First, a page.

Cambodia Opposition Leader Returns

To those of us who have kept our eyes on Cambodia since the baleful days of the 1974-79 civil war and genocide, every small sign of growing out of its macabre past is a sign of hope. Even Prime Minister Hun Sen’s long control of the country through dynamic political manipulation and gleeful self acquisition has been better than what preceded it.  Cambodian’s, when asked about his government, give a wry shrug of the shoulders: yes, he’s not so good, but then again, he’s not killing us. [Though Amnesty International in 1997 protested the summary executions of his opponents.]

Cambodia RainsySo, the return of a major opposition leader, Sam Rainsy, from four years of French exile after fleeing a conviction of racial incitement (anti-Vietnamese), is big news indeed — and not just to onlookers.  Cambodians have been lining up in droves to see and hear the rousing words of a man who has been involved in opposition politics since 1992.

Local NGO Licadho (Cambodian League for the Promotion of Defense of Human Rights) estimated about 100,000 people turned out and had shut down the main road to the airport as Rainsy and his entourage boarded a convoy of black four-wheel-drives and began the arduous task of inching their way into the city.

His return marked the end of a near four-year exile, self-imposed after the courts sentenced him to an 11-year jail term in absentia for crimes that included the uprooting of markers defining the Vietnamese border which he said were illegally placed on Cambodian soil. He maintains the charges were politically motivated.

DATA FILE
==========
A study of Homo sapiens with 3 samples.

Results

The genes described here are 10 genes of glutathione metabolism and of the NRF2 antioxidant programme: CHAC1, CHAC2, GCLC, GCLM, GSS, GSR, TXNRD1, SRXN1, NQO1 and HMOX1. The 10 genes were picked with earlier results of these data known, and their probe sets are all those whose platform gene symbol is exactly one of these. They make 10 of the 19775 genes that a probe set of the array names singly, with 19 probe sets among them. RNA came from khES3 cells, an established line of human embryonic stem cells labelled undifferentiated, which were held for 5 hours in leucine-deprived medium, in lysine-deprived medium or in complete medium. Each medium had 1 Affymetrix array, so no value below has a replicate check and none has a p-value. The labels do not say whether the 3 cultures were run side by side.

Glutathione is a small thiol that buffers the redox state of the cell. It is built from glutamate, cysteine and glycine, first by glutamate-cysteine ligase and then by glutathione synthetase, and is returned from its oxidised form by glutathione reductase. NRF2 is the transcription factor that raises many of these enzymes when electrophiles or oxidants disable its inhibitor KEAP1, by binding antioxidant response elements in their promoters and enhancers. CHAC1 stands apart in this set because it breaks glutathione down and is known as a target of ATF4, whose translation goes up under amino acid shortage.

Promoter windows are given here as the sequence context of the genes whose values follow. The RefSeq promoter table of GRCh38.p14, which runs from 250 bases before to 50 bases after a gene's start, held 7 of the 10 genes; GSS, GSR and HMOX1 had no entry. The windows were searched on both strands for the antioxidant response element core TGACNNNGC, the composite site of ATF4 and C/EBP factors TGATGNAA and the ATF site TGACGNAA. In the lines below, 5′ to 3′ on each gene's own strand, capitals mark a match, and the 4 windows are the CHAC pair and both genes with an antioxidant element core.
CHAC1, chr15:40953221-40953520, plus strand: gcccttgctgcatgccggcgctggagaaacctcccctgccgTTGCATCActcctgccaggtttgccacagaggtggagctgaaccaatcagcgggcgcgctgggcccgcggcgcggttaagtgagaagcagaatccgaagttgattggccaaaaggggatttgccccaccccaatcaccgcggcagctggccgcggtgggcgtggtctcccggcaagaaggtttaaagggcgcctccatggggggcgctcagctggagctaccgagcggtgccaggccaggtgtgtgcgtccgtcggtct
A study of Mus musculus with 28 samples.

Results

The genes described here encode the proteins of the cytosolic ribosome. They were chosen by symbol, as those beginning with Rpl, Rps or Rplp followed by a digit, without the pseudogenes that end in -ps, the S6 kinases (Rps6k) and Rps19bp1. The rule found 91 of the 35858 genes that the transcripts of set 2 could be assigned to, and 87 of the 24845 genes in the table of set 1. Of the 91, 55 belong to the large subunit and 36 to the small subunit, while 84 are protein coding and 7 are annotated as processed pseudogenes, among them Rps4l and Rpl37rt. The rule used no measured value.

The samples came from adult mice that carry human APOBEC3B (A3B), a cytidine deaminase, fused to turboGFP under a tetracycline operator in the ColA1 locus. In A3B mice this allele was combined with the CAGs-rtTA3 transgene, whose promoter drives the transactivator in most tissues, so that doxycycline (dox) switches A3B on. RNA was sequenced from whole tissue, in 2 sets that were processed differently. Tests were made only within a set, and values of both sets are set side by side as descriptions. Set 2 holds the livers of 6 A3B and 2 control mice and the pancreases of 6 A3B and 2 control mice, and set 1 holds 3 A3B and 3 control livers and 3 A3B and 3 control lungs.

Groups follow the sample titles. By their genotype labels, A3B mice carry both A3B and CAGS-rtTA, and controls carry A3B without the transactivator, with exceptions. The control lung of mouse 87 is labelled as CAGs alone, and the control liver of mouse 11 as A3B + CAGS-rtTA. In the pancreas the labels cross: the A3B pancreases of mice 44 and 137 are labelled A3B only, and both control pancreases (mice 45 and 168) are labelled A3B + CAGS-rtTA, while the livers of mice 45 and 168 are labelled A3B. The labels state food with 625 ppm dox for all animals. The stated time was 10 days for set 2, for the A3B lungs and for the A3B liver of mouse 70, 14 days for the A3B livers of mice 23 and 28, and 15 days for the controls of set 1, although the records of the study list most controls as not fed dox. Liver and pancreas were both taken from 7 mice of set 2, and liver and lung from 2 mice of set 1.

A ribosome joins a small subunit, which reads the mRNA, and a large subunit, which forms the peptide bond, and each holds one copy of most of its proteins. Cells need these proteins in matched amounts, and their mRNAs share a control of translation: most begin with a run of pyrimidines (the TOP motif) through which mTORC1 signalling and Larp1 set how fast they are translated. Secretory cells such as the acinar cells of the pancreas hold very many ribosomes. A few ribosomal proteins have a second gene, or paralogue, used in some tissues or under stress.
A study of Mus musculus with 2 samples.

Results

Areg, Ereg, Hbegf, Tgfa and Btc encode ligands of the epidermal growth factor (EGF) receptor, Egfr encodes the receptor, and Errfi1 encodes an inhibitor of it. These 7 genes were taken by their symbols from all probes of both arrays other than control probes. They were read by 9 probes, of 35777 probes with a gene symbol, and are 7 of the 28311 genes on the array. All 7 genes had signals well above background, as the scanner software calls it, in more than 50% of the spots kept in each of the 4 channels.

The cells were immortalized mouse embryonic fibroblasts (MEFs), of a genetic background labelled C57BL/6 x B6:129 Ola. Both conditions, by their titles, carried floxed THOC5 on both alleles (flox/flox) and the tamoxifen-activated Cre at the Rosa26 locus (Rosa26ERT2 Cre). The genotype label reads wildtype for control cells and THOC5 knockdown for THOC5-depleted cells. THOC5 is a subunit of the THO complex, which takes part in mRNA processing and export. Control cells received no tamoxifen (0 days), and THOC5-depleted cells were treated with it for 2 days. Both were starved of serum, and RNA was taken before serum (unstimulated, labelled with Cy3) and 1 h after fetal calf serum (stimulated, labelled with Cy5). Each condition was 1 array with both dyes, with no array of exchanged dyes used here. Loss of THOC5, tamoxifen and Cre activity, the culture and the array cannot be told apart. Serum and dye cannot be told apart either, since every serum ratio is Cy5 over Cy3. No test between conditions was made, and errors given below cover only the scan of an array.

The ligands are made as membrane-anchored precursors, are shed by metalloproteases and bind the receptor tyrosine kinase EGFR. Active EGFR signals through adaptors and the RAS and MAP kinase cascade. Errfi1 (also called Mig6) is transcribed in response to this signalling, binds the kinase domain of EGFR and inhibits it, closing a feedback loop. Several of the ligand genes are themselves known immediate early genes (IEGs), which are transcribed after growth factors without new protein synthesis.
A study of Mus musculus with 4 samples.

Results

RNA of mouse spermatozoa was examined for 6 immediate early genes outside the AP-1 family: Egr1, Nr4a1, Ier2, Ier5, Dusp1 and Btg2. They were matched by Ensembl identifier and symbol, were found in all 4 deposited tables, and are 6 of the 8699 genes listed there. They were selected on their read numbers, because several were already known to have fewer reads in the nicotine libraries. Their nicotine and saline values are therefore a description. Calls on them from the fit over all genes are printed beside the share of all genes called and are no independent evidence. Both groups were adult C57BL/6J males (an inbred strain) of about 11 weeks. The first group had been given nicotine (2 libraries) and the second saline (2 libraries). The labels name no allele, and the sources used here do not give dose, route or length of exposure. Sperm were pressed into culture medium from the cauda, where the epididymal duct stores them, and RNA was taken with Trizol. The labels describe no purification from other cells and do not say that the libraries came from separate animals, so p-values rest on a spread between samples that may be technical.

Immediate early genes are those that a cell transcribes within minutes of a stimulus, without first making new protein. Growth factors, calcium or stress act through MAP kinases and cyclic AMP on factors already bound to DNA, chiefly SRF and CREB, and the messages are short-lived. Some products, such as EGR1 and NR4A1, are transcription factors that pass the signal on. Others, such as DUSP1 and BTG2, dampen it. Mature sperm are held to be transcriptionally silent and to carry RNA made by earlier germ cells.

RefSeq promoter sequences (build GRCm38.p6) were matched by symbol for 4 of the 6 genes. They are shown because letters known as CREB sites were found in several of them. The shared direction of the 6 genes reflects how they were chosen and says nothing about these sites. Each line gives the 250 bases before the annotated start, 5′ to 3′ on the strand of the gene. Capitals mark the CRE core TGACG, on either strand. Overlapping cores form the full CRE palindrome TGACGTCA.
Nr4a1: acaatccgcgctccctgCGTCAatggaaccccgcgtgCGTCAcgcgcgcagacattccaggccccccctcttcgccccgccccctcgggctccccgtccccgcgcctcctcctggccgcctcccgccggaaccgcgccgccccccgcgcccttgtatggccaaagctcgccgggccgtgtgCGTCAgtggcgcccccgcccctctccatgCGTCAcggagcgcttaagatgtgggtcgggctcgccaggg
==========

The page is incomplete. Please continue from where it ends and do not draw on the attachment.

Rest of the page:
Rainsy was clearly overwhelmed by the reception, telling The Diplomat it was difficult for him to speak amid the deafening cheers and chants of the crowd while being mobbed by well-wishers.

Cambodians of all ages and walks of life braved the heat and paraded through the streets in what was by far the biggest day of campaigning for the Cambodian National Rescue Party (CNRP). The Diplomat

There is little doubt that Sun Hen will retain control in the imminent elections.  Among many other things, his party controls almost all public media, rescinding a ban on foreign press coverage of the elections only after vigorous protests.

Even so, for the young, seeing  more normalized campaigning, the discussion of opposing points of view, behaving more like societies they have seen around the world, will have a healing and strengthening effect.  Our two young guides, of several months ago, educated and enthusiastic, though restrained, will surely find hope in what Rainsy is stirring, almost no matter the immediate outcome.